Jack Leffel, 74, got a puppy about six weeks ago, but when his friend Gary Larrowe asked him the dog’s name, he said he didn’t know.

“He hasn’t named himself yet,” Leffel told him.

This went on for more than a week. Larrowe asked, Leffel gave the same answer.

“He just hasn’t named himself. Give him time.”

And then one day, Leffel knew.

“It’s Tut. He’s the king. King Tut.”

Tut was the first dog Leffel ever raised that his wife let inside the house. He captured both their hearts and lived like a king, Larrowe said. He gave Leffel a whole new energy level as he started training him to hunt quail, a hobby that he invited others to participate in on his farm in Botetourt County.

The story sounds trite, but Larrowe, Botetourt County administrator, said it shows one of Leffel’s best qualities: he waited for people to develop their own way, never trying to mold them into something they weren’t. And once they’d revealed their best qualities, Leffel would encourage them to use those qualities in progressive ways.

It’s something that will be missed about Leffel as a leader in Botetourt County, Larrowe said. Leffel, chairman of the Botetourt County Board of Supervisors, died Tuesday during heart surgery. Leffel was first elected to the board in 2011 following 12 years on the county’s school board. He then ran unopposed as an independent in 2015.

“It’s not very often an independent gets into a seat like that and I think that was indicative of how people thought of him,” said John Williamson, a former board member and friend of Leffel’s. “He was reasonable and reliable.”

Leffel led the board of supervisors through a period of immense growth in the county. His colleagues offered up numerous projects Leffel no doubt felt proud to accomplish during his time on the board: recruiting Eldor Corp. to the Greenfield industrial park, the start of construction on a new building for Colonial Elementary School and a landfill deal that is estimated to save the county about $11 million.

Over the years, Leffel was particularly interested in developing agriculture in the county. One of his last votes as a supervisor was to approve home agriculture amendments to allow residents to raise backyard chickens, bees and rabbits. He said he voted for the measure so kids in 4-H programs could have a hands-on opportunity to learn about farming.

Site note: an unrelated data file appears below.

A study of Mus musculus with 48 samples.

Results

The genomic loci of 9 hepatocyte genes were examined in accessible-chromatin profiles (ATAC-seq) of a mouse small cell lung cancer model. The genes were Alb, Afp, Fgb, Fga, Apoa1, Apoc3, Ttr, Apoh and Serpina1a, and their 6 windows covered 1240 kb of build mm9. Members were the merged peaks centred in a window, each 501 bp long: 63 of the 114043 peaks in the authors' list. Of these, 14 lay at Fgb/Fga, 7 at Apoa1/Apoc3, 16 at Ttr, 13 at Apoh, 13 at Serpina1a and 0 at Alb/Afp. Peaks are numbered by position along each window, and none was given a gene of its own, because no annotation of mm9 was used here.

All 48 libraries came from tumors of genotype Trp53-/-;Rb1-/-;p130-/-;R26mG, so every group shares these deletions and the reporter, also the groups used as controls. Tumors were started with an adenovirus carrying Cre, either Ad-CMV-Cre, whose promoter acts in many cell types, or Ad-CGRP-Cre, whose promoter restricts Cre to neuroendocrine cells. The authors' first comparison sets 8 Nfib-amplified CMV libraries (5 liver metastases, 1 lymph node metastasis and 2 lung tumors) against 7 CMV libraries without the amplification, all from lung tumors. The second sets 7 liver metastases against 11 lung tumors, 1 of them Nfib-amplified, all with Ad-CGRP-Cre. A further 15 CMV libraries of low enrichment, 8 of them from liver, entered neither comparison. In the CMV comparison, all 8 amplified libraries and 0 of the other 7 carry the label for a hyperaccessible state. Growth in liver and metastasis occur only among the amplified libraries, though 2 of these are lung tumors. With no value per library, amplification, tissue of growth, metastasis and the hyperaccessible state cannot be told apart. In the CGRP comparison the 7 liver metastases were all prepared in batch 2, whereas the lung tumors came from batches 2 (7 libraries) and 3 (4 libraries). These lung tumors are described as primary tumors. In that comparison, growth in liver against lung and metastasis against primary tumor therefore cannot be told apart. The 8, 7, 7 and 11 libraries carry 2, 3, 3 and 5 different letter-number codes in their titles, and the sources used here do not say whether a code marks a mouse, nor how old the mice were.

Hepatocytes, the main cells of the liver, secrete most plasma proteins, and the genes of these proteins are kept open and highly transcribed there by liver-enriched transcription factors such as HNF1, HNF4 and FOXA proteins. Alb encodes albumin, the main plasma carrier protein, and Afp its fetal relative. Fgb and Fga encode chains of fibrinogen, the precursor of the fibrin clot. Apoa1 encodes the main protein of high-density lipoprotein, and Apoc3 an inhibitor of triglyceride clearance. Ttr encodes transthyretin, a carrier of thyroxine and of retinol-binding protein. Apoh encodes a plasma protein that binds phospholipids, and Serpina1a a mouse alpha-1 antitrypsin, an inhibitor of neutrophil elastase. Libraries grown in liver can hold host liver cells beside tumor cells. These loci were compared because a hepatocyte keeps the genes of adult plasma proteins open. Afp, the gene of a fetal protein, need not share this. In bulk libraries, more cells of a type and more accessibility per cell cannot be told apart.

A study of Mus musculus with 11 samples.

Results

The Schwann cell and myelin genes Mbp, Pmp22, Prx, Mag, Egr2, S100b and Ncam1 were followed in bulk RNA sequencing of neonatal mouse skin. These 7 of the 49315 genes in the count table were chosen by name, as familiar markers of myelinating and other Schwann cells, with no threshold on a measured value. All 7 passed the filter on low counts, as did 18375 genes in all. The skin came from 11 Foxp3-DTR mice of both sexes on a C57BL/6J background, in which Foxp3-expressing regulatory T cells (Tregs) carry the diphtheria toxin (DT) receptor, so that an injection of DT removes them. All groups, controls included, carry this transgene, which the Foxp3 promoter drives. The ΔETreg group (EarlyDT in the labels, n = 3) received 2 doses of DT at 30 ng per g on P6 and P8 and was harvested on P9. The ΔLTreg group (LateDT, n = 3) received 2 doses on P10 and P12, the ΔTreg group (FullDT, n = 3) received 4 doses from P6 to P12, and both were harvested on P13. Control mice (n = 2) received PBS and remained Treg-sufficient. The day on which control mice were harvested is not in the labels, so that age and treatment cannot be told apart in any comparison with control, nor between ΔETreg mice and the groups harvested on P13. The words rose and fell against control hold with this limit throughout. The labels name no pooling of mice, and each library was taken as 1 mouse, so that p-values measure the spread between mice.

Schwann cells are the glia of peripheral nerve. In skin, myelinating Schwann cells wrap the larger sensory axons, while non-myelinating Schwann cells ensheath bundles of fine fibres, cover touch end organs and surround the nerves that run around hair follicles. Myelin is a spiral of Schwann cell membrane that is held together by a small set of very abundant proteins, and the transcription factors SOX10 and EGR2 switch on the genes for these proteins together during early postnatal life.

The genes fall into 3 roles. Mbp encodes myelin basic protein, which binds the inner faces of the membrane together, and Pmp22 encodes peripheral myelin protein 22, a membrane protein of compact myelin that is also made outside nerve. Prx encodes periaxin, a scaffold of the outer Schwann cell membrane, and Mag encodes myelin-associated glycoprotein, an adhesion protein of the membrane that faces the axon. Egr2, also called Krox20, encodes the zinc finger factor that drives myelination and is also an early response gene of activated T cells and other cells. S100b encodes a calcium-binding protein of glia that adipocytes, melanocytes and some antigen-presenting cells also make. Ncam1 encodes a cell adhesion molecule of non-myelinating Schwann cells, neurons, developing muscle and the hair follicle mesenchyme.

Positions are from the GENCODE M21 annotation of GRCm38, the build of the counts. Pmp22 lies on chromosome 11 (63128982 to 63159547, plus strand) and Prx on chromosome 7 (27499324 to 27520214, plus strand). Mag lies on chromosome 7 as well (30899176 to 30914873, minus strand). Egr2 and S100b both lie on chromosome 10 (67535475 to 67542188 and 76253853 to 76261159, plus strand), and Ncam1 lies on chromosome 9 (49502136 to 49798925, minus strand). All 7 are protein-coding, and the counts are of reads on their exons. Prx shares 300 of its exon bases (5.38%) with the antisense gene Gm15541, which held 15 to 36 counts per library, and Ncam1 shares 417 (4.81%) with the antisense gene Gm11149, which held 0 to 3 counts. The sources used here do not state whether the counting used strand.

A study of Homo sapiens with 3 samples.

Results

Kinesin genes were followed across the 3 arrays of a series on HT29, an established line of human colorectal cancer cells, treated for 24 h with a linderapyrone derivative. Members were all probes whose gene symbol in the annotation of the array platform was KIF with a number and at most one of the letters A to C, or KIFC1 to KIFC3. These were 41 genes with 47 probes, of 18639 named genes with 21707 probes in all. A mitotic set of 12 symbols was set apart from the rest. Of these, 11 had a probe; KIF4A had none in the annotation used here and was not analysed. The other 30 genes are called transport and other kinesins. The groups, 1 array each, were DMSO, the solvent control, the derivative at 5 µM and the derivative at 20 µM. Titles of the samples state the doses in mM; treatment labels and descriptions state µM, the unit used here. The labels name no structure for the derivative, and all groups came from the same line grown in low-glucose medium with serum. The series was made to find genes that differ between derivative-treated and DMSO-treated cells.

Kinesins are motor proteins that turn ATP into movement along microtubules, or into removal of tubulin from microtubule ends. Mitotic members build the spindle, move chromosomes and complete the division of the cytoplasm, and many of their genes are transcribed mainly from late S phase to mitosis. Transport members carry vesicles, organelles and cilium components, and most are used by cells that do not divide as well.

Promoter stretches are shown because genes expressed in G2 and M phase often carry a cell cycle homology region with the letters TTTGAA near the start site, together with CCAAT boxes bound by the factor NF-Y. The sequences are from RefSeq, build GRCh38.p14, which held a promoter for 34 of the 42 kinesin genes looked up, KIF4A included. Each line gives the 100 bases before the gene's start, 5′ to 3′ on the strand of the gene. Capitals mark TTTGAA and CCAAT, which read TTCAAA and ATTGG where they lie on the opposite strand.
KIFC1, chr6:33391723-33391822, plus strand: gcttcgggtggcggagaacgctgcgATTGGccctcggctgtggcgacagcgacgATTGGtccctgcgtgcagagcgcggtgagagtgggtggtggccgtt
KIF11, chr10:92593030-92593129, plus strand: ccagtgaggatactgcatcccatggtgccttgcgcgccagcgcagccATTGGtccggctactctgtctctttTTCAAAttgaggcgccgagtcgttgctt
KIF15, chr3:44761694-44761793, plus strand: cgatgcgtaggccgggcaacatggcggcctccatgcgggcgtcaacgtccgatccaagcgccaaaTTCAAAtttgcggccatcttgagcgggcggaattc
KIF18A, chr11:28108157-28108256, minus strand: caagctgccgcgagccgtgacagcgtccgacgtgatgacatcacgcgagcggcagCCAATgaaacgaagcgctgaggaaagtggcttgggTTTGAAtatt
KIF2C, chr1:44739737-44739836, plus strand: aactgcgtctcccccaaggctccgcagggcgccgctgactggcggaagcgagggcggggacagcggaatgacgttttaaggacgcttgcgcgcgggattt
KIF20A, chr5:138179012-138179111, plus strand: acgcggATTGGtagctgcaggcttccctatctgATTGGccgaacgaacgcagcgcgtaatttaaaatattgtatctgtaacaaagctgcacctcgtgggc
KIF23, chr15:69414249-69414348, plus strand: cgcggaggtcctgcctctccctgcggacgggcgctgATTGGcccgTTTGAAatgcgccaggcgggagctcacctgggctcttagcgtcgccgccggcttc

“There are so many things they can learn,” Leffel said at the November meeting. “Anytime you have exposure to an educational event like this, it’s really hard to overlook it. I think it’s really important.”

Leffel grew up on a dairy farm near Buchanan. When he was in graduate school studying biochemistry, his father died and Leffel quit school to take over the family farm. Eventually, he started his own dairy operation.

Beth Leffel, 49, said some of her earliest memories of her father was waking up early with him to feed the cows.

“It was just us and it was like he was taking me off on an adventure,” she said. “It made me feel like I was doing big girl farm work.”

Beth Leffel went on to become a scientist and said her interest first started on her family’s farm, where everything is an experiment. Too much rain can kill crops or cattle can unexpectedly get sick.

“You learn quickly that things never go the way they’re supposed to and you have to improvise,” she said. “And it instilled in us a good work ethic, I think. We never saw him quit anything.”

Beth Leffel said her father’s agricultural background was something he weaved into his position on the board. As much as he loved what farming meant to him as a young man, he knew it couldn’t survive the same way forever.

He constantly looked for ways to intertwine agriculture and more traditional forms of economic development. In early March, more than 100 residents attended a board meeting in support of a proposal for a youth agricultural workforce development center. The 25,000-square-foot building would offer much needed space for 4-H and FFA programs as participation numbers grew across the county.

The board wasn’t asked to take any action, but to consider the proposal as they continue to develop the industrial park at Greenfield. At the meeting, Leffel said there were times when being on the board wasn’t pleasant, but at that moment, he never felt better or more proud.

Larrowe, the county’s administrator, said he would call Leffel almost every morning to update him on projects happening around Botetourt County. On Tuesday, Larrowe was on his way to Richmond and decided to give Leffel a break.

“I really wish that I had taken the opportunity to call,” Larrowe said. “He was very, very proud of the efforts that were going on in Botetourt. He has been instrumental and supportive and creative. He laughed a lot. He was inspirational. It was just such an enlightenment to be in his presence.”